Centennial Museum gecko logo

Desert Diary


This page was designed with CSS, and looks best in a CSS-aware browser—which, unfortunately, yours is not. However, the document should still be readable, though not presented in the most sophisticated manner.

Sociologists have long deplored the homogenization of our towns and cities as commercial institutions spread their tentacles. You can pretty much expect to find a McDonalds almost anywhere you go, each one looking very much like the other. By the time you add dozens of other national chains, much of the uniqueness and charm of individual places are lost.

It's not only the direct hand of man, though. Thanks to the introduction of numerous plants and animals from elsewhere, even nature is getting into the act. In the Southwest, familiar plants pop up everywhere, so every lawn has its dandelions; every roadside and unplowed field, its tumbleweeds; every streamside setting, its salt cedar. Animal wise, domestic creatures are commonplace throughout the region, and less obviously, so are the Old World rats and mice.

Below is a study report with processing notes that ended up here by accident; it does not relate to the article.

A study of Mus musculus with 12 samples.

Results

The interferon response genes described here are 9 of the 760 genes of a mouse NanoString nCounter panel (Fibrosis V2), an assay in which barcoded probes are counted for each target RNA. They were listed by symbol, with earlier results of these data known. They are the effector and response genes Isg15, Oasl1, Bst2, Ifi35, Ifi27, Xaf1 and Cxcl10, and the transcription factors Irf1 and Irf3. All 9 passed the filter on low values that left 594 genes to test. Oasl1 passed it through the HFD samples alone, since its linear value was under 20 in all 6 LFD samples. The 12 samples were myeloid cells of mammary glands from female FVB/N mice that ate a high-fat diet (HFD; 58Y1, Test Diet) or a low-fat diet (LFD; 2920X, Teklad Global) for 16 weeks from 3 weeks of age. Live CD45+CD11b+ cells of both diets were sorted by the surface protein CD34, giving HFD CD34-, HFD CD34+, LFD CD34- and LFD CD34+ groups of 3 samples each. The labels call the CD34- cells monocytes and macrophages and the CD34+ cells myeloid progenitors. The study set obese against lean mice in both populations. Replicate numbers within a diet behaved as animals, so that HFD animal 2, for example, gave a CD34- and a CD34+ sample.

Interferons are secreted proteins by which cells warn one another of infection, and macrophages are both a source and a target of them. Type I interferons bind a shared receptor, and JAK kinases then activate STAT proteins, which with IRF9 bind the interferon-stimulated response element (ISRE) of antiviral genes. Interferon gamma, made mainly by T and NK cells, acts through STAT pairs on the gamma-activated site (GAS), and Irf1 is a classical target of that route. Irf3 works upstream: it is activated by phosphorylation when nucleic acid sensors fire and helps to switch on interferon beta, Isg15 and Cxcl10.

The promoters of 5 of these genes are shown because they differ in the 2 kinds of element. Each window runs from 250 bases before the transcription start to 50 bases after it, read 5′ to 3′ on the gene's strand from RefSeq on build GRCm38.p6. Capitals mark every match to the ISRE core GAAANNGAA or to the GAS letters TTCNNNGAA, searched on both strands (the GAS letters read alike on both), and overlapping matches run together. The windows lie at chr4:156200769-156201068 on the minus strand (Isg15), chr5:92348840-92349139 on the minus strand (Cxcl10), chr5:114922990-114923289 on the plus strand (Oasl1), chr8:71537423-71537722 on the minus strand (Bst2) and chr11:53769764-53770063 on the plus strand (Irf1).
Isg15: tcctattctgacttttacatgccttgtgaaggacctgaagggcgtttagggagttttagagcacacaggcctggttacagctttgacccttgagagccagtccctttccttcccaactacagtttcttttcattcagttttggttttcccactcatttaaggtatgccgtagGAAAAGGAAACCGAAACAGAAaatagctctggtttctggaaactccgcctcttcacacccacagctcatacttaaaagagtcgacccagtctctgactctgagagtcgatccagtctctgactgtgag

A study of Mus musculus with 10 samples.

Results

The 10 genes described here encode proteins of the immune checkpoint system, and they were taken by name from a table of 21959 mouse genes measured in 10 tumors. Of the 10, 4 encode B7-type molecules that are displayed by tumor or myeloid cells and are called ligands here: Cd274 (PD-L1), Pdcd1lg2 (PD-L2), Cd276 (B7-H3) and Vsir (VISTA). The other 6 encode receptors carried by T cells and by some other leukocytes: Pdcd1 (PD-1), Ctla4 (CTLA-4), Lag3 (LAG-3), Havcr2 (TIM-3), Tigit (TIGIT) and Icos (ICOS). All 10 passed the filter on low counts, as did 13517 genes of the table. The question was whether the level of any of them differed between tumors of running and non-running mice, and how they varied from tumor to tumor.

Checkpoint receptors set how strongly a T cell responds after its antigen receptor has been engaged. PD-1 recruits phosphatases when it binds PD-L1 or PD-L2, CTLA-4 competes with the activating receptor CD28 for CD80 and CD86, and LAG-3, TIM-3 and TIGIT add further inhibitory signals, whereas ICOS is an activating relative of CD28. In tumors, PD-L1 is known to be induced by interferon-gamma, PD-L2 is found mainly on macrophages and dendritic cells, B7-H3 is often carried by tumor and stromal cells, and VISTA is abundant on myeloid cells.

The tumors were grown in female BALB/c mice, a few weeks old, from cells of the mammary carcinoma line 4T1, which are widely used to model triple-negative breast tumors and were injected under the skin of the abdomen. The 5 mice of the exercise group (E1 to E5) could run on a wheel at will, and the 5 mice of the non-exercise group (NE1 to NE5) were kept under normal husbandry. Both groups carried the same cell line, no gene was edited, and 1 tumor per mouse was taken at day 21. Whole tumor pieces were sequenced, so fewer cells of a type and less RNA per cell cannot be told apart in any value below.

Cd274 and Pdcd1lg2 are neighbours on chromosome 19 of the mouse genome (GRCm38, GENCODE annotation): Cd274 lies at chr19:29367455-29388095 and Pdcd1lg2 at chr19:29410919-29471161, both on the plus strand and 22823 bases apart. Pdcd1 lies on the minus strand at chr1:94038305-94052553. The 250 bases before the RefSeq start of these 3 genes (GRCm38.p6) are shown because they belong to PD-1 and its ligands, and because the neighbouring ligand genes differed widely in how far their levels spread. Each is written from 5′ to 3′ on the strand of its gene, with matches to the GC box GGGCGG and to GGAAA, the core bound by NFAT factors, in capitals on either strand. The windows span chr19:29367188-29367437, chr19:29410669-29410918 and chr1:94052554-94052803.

Much as we deplore the degradation of the landscape produced by our actions, perhaps we should remain thankful that it's still there. The way things are going, spotting a mountain, arroyo, or valley may be the only hope we have of telling where we are.
pen and ink


Contributor: Arthur H. Harris, Laboratory for Environmental Biology, Centennial Museum, University of Texas at El Paso.

Desert Diary is a joint production of the Centennial Museum and KTEP National Public Radio at the University of Texas at El Paso.